Today we'll look at Croda International Plc (LON:CRDA) and reflect on its potential as an investment. To be precise, we'll consider its Return On Capital Employed (ROCE), as that will inform our view of the quality of the business.

First up, we'll look at what ROCE is and how we calculate it. Next, we'll compare it to others in its industry. Finally, we'll look at how its current liabilities affect its ROCE.

Understanding Return On Capital Employed (ROCE)

ROCE measures the 'return' (pre-tax profit) a company generates from capital employed in its business. In general, businesses with a higher ROCE are usually better quality. Ultimately, it is a useful but imperfect metric. Author Edwin Whiting says to be careful when comparing the ROCE of different businesses, since 'No two businesses are exactly alike.'

How Do You Calculate Return On Capital Employed?

The formula for calculating the return on capital employed is:

Return on Capital Employed = Earnings Before Interest and Tax (EBIT) ÷ (Total Assets - Current Liabilities)

Or for Croda International:

0.21 = UK£331m ÷ (UK£2.0b - UK£353m) (Based on the trailing twelve months to June 2019.)

So, Croda International has an ROCE of 21%.

See our latest analysis for Croda International

Does Croda International Have A Good ROCE?

ROCE can be useful when making comparisons, such as between similar companies. Croda International's ROCE appears to be substantially greater than the 12% average in the Chemicals industry. I think that's good to see, since it implies the company is better than other companies at making the most of its capital. Regardless of the industry comparison, in absolute terms, Croda International's ROCE currently appears to be excellent.

You can see in the image below how Croda International's ROCE compares to its industry. Click to see more on past growth.

LSE:CRDA Past Revenue and Net Income, July 31st 2019
LSE:CRDA Past Revenue and Net Income, July 31st 2019

When considering ROCE, bear in mind that it reflects the past and does not necessarily predict the future. Companies in cyclical industries can be difficult to understand using ROCE, as returns typically look high during boom times, and low during busts. This is because ROCE only looks at one year, instead of considering returns across a whole cycle. What happens in the future is pretty important for investors, so we have prepared a free report on analyst forecasts for Croda International.

What Are Current Liabilities, And How Do They Affect Croda International's ROCE?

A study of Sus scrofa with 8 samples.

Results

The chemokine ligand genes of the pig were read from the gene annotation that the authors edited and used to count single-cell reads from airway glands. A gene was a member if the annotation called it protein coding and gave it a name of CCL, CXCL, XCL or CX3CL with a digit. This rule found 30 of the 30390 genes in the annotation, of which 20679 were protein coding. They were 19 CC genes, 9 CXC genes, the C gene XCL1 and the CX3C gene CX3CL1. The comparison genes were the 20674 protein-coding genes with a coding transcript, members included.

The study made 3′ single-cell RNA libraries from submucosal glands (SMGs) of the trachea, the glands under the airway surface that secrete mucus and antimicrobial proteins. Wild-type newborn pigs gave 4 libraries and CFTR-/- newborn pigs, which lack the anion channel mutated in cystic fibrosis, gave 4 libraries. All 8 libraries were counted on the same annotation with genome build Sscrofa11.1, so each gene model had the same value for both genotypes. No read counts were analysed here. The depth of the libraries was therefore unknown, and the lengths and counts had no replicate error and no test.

Short term (or current) liabilities, are things like supplier invoices, overdrafts, or tax bills that need to be paid within 12 months. Due to the way ROCE is calculated, a high level of current liabilities makes a company look as though it has less capital employed, and thus can (sometimes unfairly) boost the ROCE. To check the impact of this, we calculate if a company has high current liabilities relative to its total assets.

Croda International has total assets of UK£2.0b and current liabilities of UK£353m. As a result, its current liabilities are equal to approximately 18% of its total assets. This is quite a low level of current liabilities which would not greatly boost the already high ROCE.

The Bottom Line On Croda International's ROCE

This is good to see, and with such a high ROCE, Croda International may be worth a closer look. There might be better investments than Croda International out there, but you will have to work hard to find them . These promising businesses with rapidly growing earnings might be right up your alley.

If you like to buy stocks alongside management, then you might just love this free list of companies. (Hint: insiders have been buying them).

We aim to bring you long-term focused research analysis driven by fundamental data. Note that our analysis may not factor in the latest price-sensitive company announcements or qualitative material.

If you spot an error that warrants correction, please contact the editor at editorial-team@simplywallst.com. This article by Simply Wall St is general in nature. It does not constitute a recommendation to buy or sell any stock, and does not take account of your objectives, or your financial situation. Simply Wall St has no position in the stocks mentioned. Thank you for reading.